Faculty senate raises concerns over proposed YMCA


The Sunflower

The Sunflower

The Sunflower

The Sunflower

Less than a week after student senate voiced opposition to the university’s plan to bring a YMCA to Innovation Campus, the university is said to be moving forward with the plan anyway.

President John Bardo said in a statement Tuesday that a campus YMCA is “Still under active consideration.”

Faculty Senate President Bayram Yildirim spoke to the rest of the faculty with updates about the Y after a meeting with President John Bardo’s executive team.

“I learned we are still pursuing this idea,” he said Monday.

“My question to you,” Yildirim said addressing the faculty senate, “Is how do you feel about a YMCA on campus?”

Jay Price, a senator from the history department, said that a Y on campus would be a community facility.

“Why should WSU students foot the bill for a community facility that benefits a private developer?” Price said. “That doesn’t seem very fair.”

Other faculty did not think there was enough concrete information regarding the proposal to make a decision.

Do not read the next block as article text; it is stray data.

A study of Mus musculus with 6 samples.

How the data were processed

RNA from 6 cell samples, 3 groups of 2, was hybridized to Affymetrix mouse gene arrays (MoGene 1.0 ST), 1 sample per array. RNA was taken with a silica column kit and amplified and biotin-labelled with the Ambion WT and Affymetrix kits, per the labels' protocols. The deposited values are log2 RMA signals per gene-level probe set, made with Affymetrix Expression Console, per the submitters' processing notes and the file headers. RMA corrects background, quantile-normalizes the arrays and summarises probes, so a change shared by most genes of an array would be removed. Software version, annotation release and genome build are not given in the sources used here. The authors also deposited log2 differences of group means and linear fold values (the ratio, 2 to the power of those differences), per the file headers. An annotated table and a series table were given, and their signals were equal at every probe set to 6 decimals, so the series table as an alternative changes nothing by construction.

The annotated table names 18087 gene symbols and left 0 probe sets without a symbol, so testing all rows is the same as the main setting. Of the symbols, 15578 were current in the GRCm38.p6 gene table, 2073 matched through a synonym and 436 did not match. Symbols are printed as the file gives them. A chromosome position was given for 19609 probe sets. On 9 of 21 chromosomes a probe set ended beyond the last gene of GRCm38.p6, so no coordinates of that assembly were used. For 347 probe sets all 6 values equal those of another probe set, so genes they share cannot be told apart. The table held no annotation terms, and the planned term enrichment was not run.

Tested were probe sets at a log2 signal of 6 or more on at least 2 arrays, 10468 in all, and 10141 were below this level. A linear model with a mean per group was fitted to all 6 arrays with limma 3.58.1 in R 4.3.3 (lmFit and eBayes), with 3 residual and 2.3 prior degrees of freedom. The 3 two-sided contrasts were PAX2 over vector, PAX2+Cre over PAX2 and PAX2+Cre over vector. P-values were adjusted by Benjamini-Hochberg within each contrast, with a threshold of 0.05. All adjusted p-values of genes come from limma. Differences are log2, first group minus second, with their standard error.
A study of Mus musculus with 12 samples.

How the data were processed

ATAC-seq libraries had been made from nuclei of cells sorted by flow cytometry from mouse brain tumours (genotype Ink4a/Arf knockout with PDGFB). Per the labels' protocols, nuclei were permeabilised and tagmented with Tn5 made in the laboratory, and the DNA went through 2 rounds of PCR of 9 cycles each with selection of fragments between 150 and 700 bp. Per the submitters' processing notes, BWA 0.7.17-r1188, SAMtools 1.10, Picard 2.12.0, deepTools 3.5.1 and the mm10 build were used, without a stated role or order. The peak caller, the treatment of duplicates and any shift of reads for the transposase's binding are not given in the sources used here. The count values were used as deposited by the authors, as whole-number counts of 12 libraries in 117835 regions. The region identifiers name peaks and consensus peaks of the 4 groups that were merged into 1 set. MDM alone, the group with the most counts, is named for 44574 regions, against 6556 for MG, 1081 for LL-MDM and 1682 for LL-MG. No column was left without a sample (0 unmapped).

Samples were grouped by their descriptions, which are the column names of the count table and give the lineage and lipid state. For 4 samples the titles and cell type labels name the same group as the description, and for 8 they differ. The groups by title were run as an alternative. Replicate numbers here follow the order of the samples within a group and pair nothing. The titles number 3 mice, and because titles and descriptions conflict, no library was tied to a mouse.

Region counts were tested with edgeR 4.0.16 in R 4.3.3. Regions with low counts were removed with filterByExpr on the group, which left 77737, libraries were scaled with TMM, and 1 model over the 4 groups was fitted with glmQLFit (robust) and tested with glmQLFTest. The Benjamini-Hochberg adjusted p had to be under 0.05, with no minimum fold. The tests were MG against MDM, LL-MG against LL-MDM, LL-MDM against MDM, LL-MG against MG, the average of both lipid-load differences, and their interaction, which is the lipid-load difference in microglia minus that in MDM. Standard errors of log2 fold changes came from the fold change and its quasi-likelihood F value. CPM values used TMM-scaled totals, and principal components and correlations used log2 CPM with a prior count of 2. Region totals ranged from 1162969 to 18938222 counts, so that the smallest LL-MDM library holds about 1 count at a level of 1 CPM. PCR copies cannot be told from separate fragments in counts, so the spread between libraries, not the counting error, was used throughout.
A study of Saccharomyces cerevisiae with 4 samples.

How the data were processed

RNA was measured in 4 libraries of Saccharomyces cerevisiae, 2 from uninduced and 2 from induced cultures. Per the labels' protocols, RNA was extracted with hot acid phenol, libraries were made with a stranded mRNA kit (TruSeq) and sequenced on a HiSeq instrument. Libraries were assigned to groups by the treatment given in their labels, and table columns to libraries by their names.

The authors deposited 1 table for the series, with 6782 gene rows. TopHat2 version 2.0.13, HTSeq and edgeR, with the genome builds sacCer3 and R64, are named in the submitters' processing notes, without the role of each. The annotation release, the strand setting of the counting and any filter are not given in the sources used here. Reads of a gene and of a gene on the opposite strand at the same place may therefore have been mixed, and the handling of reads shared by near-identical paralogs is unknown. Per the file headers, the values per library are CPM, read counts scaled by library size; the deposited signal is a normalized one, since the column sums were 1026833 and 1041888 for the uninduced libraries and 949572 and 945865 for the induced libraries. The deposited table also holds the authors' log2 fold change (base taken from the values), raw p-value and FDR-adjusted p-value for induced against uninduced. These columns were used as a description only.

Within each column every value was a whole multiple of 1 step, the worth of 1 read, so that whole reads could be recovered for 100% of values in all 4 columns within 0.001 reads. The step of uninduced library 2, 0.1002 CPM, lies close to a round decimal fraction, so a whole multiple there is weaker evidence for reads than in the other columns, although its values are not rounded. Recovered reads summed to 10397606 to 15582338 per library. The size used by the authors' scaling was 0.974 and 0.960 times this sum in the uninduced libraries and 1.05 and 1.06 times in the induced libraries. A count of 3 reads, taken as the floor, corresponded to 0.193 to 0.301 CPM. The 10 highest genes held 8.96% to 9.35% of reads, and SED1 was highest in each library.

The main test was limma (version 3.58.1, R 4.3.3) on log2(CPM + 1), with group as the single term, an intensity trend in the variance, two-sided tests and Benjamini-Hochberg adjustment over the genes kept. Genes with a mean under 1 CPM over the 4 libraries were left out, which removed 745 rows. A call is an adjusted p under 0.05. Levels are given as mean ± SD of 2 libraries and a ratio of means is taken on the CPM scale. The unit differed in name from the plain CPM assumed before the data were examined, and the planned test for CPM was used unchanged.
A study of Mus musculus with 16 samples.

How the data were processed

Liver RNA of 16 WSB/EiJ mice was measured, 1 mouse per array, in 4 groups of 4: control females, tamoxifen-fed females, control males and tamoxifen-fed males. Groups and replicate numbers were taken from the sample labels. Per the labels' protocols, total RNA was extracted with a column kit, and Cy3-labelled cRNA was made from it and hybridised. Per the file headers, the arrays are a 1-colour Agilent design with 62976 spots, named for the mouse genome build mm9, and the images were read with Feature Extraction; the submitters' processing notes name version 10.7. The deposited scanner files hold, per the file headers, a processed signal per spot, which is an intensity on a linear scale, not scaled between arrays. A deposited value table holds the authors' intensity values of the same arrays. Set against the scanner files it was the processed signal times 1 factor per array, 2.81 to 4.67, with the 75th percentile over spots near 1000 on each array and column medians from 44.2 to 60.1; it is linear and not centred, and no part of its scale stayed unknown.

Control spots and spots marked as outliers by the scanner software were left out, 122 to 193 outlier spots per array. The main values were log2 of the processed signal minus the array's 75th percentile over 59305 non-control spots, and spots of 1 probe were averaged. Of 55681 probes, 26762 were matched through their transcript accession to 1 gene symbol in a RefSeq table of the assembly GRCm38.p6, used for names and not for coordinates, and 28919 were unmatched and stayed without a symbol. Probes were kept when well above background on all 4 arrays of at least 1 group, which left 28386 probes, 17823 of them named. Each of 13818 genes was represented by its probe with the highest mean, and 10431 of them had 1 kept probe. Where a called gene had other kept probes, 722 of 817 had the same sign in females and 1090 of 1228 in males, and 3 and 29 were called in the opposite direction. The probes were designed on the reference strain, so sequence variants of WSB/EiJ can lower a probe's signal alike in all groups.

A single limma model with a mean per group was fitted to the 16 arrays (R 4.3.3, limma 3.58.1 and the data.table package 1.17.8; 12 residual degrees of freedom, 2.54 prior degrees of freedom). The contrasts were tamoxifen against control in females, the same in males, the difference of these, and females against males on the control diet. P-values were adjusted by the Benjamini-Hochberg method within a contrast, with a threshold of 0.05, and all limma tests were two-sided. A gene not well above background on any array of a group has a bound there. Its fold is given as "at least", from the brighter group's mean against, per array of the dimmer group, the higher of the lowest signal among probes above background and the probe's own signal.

“We need to see more numbers,” George Dehner, a senator from the history department, said. “It seems a little bit abstract. I think before we can vote on it as a faculty senate we need a lot more concrete information about what we’re endorsing, what we’re not endorsing.

“I’ve gotten most of my information from the paper,” he said. “But if we’re going to vote on it, I’m not voting on what I read in the paper. I want to have a lot more detailed information about the economics.”

“These facilities are important enough to the future of the university that I’ve asked members of our team to keep exploring the idea despite a vote last week by Student Government Association to oppose it,” Bardo said in the statement.

Bardo’s decision to move forward with the planning process left faculty questioning if their voice would even matter in the eyes of the administration.

“You wonder how much difference it’s going to make,” Dan Close, a senator from the Elliott School of Communication, said. “It didn’t seem to matter what the student government association thought.”

“Do we have a real say in whether this thing gets built or not? What you heard today from PET was, full steam ahead, right?” Close said.

Susan Castro, a senator from the philosophy department, said that it is Wichita State’s job as a state institution to provide education as cheaply as possible.

“The Y tends to build really fancy, expensive buildings (with) very high fees,” Castro said. “It is really contrary to our mission that we are going to have these large fees for something that is not academic.”

Yildirim said that while the final decision is Bardo’s to make, it is important that faculty senate provide their input to the president.